On the twenty-fifth of August the gale began to rise,
Which left so many orphans and took so many lives;
Left there to stay for their last day, their friends to see no more,
For the Ocean wave it rolled that day like it never rolled before.
John Follett in his little boat about ten tons or more,
Was anchored on the fishing ground about twelve miles from the shore;
And when the gale begun to rise, they run to the nearest port,
But a heavy sea rolled over them and capsized their little boat.
John Follett and one of his sons clung to the wreck that day,
For eight long hours they drifted, exposed to wind and sea;
God spared the lives of those poor boys, all for to tell the tale,
But his eldest son got drownded in that great August gale.
Danny Cheeseman from Rushoon also went down that day,
The boat was passed with her two spars gone about half-ways in the bay;
To think on what they suffered, a stone would heave a sigh;
There were three men clinging to the wreck when Harris passed her by.
He tried his best to save them but the boat she did misstay,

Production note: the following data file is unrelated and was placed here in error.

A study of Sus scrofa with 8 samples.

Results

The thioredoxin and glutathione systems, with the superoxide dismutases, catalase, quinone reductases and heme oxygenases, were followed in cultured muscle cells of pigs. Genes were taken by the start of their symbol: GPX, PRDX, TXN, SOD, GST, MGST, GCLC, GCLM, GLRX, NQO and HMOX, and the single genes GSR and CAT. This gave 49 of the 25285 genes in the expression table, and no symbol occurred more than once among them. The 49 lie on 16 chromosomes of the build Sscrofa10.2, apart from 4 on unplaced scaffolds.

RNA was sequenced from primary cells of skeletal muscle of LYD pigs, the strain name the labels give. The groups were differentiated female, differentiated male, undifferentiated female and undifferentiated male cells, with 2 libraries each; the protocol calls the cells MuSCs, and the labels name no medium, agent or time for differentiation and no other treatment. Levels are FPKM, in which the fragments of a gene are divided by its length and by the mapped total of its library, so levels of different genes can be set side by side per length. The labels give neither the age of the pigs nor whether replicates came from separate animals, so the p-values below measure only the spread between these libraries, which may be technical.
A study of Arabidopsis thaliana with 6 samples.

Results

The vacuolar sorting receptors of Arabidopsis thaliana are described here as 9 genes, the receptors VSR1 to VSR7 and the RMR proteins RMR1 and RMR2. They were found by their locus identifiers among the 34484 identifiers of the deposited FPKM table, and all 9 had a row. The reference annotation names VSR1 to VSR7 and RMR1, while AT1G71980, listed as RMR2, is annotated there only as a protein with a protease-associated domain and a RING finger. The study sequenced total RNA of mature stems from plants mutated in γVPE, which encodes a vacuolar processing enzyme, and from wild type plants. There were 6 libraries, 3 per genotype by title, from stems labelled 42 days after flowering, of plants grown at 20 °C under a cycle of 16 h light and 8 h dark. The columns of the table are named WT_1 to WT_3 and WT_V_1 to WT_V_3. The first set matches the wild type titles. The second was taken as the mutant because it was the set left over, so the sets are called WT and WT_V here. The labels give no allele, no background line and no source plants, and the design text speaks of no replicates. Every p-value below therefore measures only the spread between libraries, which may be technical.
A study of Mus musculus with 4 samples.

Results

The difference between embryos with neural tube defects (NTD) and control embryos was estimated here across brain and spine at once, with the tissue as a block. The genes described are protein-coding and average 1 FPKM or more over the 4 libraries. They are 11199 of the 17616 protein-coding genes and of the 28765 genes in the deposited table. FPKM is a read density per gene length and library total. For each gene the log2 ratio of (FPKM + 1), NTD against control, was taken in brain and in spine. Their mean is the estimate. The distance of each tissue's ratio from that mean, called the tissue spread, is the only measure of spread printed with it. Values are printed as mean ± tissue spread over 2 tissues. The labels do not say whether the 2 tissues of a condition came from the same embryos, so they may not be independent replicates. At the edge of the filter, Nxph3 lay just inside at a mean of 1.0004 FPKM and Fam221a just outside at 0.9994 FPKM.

And with aching hearts they were forced to part and run before wind and sea;
He done his whole endeavour, ’twas all that he could do;
May the Lord have mercy on the souls of Dan Cheeseman and his crew.
Another schooner branded new, built up in Mortier Bay,
Commanded by John Locklin from Red Harbour sailed away;
As she was anchored on Cape ground to the west’ard of the light ,
She had a dory gone astray that dark and stormy night.
The Annie from Fox Harbour also went down that day,
With seven hearty fishermen, no more to plough the sea;
And all of them being married men, which made the loss run high,
Excepting one, the skipper’s son, he was a single boy.
There’s six young widows left to mourn, I know them all quite well ,
With children small, no help at all to bear their troubles well;
If God Himself will lend a hand and look down on them, I hope,
Leaving widows and orphans for to mourn – it was a dreadful stroke.
Source: Lehr, Genevieve, and Anita Best. 1985. Come and I will Sing You: A Newfoundland Songbook. Toronto and Buffalo: University of Toronto Press, p9-11.